UK admits it has a Brexit bill to pay

Blue Europe flag with man chipping off a yellow star
The UK hopes it can leave while retaining a 'deep and special partnership' with the EU

The UK government has finally admitted that it owes money to the EU before it may leave – expected to help ease the atmosphere as the first substantial round of Brexit talks takes place next week.

In a written statement, Brexit Minister Baroness Anelay said: “On the financial settlement… we will work with the EU to determine a fair settlement of the UK’s rights and obligations as a departing member state, in accordance with the law and in the spirit of our continuing partnership. The government recognises that the UK has obligations to the EU, and the EU obligations to the UK, that will survive the UK’s withdrawal and that these need to be resolved.”

Earlier this week UK Foreign Secretary Boris Johnson had caused anger by remarking that the EU could “go whistle” for its “extortionate” Brexit bill, to which EU chief negotiator Michel Barnier retorted: “I can’t hear any whistling, just the clock ticking.”

The EU parliament’s Brexit coordinator Guy Verhofstadt had also said on Wednesday: “At the moment we don’t even know if the UK even recognises there is a financial settlement to make. This uncertainty must disappear as fast as possible.”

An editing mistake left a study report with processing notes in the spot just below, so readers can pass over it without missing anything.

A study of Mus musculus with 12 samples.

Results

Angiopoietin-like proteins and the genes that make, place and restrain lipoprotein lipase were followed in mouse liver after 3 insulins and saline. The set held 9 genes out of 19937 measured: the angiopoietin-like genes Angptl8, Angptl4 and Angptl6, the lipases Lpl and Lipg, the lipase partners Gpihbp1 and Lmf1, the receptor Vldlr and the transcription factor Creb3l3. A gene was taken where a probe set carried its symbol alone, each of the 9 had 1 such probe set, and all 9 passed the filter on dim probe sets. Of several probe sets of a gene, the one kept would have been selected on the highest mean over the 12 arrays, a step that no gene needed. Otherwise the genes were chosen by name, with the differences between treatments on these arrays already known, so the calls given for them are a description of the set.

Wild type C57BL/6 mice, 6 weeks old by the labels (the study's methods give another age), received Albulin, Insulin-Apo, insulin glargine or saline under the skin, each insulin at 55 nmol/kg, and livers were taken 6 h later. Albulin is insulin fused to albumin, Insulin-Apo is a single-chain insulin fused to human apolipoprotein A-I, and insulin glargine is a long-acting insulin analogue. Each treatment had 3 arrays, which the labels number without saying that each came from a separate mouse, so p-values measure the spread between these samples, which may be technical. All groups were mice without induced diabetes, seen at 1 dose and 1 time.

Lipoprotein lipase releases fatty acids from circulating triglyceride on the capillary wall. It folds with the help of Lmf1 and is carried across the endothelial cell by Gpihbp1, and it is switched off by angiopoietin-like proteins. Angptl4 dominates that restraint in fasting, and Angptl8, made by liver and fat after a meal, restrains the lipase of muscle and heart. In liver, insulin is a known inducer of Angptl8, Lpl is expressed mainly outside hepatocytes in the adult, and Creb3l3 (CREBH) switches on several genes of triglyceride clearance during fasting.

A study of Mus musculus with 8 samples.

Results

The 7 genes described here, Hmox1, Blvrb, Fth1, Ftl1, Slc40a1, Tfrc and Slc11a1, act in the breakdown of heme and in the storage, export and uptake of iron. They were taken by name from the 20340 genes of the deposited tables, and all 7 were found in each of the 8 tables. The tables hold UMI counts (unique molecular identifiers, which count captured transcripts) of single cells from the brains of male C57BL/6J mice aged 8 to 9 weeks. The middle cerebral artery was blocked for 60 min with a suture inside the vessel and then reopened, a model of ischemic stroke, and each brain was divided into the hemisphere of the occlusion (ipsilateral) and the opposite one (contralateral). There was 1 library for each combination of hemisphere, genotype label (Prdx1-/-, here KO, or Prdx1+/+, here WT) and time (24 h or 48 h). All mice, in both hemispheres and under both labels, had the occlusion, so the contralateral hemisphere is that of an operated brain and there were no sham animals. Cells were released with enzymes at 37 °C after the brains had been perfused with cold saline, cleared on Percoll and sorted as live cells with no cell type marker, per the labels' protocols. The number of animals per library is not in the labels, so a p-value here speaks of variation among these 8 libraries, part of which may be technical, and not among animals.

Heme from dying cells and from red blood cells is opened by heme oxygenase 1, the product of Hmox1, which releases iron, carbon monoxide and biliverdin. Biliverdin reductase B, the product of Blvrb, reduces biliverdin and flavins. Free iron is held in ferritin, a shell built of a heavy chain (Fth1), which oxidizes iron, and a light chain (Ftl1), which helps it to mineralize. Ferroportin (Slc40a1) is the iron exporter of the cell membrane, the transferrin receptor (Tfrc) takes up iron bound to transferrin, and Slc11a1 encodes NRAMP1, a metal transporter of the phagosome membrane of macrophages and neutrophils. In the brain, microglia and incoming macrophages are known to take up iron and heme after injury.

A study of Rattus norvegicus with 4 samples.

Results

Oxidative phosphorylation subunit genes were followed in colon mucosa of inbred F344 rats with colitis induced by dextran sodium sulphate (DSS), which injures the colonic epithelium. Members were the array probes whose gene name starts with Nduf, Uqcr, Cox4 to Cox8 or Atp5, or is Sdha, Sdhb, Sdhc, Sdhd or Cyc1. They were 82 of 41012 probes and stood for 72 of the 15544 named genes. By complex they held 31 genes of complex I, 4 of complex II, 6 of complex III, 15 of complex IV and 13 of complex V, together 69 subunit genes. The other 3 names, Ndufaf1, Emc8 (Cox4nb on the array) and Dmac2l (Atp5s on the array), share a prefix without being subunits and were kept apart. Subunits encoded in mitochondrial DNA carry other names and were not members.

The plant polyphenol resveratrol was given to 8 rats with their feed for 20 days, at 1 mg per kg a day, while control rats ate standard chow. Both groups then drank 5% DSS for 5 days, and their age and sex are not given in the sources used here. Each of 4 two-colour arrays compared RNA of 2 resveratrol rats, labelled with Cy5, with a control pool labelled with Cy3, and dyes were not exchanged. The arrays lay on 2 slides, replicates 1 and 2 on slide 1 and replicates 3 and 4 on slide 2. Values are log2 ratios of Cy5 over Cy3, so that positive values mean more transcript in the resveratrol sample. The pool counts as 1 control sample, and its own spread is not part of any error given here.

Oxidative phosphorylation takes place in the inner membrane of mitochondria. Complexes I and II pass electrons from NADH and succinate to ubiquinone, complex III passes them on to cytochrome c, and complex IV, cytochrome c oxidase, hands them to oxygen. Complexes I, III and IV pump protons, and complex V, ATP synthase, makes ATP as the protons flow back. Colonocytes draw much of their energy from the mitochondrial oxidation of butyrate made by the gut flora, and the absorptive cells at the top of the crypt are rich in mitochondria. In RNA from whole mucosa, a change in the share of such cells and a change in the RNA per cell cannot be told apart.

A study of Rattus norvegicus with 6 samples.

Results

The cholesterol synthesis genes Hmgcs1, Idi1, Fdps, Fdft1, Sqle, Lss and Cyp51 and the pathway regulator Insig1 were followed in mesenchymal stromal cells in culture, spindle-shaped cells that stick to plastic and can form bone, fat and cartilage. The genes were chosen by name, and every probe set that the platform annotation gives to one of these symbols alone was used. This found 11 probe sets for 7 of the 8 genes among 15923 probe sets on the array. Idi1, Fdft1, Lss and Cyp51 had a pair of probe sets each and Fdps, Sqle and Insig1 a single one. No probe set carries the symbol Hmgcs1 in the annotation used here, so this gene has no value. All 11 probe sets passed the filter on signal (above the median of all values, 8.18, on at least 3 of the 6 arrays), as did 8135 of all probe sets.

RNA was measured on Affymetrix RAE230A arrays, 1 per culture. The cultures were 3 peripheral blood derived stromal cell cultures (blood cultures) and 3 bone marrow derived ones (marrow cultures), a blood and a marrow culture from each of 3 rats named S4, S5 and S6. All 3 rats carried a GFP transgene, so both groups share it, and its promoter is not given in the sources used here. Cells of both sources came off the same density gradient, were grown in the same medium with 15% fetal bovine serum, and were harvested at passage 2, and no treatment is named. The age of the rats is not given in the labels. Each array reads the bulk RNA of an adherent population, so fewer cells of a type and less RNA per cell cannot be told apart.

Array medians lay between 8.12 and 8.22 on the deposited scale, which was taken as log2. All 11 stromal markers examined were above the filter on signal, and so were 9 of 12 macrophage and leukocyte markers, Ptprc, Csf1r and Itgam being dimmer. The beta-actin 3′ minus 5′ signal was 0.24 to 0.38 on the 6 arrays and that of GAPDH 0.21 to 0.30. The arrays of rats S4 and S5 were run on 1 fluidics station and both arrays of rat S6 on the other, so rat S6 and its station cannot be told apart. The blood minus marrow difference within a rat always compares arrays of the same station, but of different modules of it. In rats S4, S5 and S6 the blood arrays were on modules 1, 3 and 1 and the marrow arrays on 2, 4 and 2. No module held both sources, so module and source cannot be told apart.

There has been speculation in the press as to the amount of the bill, but no precise sum has yet been named officially. However the many elements listed in the EU's position paper on the subject are expected to add up to tens of billions even taking into account money the EU may owe to the UK. 

Baroness Anelay also referred to the question of expat rights in her statement – an area which has been causing controversy ahead of the negotiations with accusations from MEPs and campaigners that the UK’s opening offer fails to match the level of protection offered by the EU’s.


The government has also now published three more ‘position papers’ ahead of the talks, related to its negotiating stance on different topics, which may also help oil the wheels after the UK was accused of failing to be as ‘transparent’ as the EU, which has now published a substantial number of papers on its Brexit page. 

One of the UK’s  new papers relates to the European Court of Justice, with the UK reaffirming the position that its jurisdiction in the UK will end with Brexit. However the paper concedes that there will remain cases before the court in which the UK was already a party while it was a member of the EU, which will have to be resolved.

Another paper concerns EURATOM. Leaving this nuclear partnership, which was first referred to in Prime Minister Theresa May’s article 50 letter triggering Brexit, is proving controversial, with question marks over whether or not it was necessary. However the paper confirms the UK intends to leave it, while at the same time aiming to ‘continue to cooperate on civil nuclear matters, harnessing shared experience and maximising shared interests, for example in nuclear research and development’.

The papers can be found in full on the government’s Brexit page here. 

Baroness Anelay said next week’s talks will “continue our journey towards a new, deep and special partnership between the UK and the EU.”